Alberta Premier Danielle Smith – a former newspaper columnist and talk-show host – likened journalism to entertainment in remarks she made over the weekend. While suggesting stories about things such as city council decisions and constitutional crises are akin to some sort of amusing diversion might be good for a giggle – and thus somewhat entertaining – a premier’s critical lack of understanding of the media is no laughing matter.
Ms. Smith’s remarks were made at the United Conservative Party annual general meeting in response to questions from reporters. The questions were about negative comments she had made previously, during a livestream, about an agreement between Alberta Health Services and the World Economic Forum.
“I was on an entertainment forum for a long time, Corus Entertainment. I recognize that you’re in the industry of making sure that you find the most outrageous statements so that you can get a lot of clicks.”
(Ms. Smith has been extremely effective at providing such statements, including on her first day on the job, when she said unvaccinated Canadians were the most discriminated group she has witnessed in her lifetime. After the comment was widely condemned, she walked it back, but did not apologize.)
Her depiction of journalism as a clickbait endeavour was more than a shot at reporters; it demonstrates a dismissal of a fundamental aspect of democracy – and perhaps more concerning, one she should be intimately familiar with.
I recognize where her confusion may come from. Way back, in Toronto, I too was a talk-show host for a Corus radio station. Every time we walked through the heavy door leading into the suite of studios, we would encounter a sign reminding us that what we were doing was show business.
This was meant to be inspirational. Don’t forget to entertain the listeners! Fair enough – especially since we shared space with the real money-maker, our sister station that earned far higher ratings playing rock music than we did discussing the issues of the day.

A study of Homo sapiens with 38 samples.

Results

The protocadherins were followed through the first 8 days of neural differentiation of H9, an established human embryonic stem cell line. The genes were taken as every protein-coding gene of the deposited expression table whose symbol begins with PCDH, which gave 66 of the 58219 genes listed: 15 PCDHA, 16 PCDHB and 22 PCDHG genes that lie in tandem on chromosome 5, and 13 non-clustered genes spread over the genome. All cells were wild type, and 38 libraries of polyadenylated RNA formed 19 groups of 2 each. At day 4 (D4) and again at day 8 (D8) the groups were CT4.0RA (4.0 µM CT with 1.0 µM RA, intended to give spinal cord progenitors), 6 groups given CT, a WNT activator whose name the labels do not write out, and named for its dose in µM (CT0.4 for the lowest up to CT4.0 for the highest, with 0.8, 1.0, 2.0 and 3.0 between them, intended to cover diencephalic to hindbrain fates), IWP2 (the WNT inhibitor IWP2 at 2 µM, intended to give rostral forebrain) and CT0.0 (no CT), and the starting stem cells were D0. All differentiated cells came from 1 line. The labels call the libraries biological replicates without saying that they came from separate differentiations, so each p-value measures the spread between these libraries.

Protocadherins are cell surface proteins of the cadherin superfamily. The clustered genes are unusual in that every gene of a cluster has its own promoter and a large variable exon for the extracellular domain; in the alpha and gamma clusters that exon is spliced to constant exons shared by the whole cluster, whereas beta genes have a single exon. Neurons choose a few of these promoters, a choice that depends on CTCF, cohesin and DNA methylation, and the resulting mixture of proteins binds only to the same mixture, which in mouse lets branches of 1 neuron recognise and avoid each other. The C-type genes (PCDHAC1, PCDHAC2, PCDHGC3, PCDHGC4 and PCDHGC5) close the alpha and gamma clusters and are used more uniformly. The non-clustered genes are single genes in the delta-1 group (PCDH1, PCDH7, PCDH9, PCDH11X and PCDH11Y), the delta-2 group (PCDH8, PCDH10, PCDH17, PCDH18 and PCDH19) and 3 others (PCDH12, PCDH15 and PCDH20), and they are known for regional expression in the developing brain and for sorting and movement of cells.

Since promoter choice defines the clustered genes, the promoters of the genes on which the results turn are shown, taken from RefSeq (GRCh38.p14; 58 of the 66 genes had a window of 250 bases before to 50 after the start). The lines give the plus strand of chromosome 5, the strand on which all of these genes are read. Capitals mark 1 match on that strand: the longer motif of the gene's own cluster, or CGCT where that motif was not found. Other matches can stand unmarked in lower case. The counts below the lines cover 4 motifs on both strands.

Even so, even then, I understood the distinction between sometimes outrageous phone-in segments and the actual journalism we managed to do in revealing and hard-hitting interviews, and in newscasts at the top and bottom of the hour.
I grew weary of the main talk-show assignment, which was to make the phones ring – the 1990s equivalent of clicks. (To this day, I have actual nightmares about pitching a topic to listeners and watching as not a single phone line lights up.)
Talk radio has its place and (arguably) its value, but it’s not representative of what most journalists do.
And while reporters, when appropriate, strive to make their stories somewhat entertaining – i.e. interesting – so people will keep reading or watching, that is not the same thing as journalism being the equivalent of entertainment. The fact that Ms. Smith doesn’t understand what isn’t even a nuanced distinction speaks volumes and should ring (more) alarm bells.
There’s a huge difference between a quick hit on James Corden’s treatment of wait staff at a New York brasserie or the role of Olivia Wilde’s special salad dressing in the breakdown of her marriage, and an in-depth investigation of the treatment of thalidomide survivors or the use of solitary confinement in our prison system. Globe and Mail stories about the latter two have led to tangible and meaningful change.
Off the top of my head, I can provide a long list of other recent examples of journalism that has made a difference: reporting on the Hockey Canada scandal, coverage of the war in Ukraine, the dogged pursuit of the Catholic Church in relation to abuse of Indigenous children at former residential schools.
This is not entertaining. This is essential.
I recognize that this might come off as self-serving. But journalism serves the public. Without it, what wouldn’t you know about? What could be swept under the establishment rug, with nobody poking around, asking uncomfortable questions? There are too many cities across North America experiencing firsthand the lack of accountability that results from a death of the local newspaper.
We don’t do this work for kicks, or clicks. We afflict the comfortable and comfort the afflicted because we have a profound concern for the world around us.
Ms. Smith should know that. Or maybe she does – and she’s still trying to make those phones ring.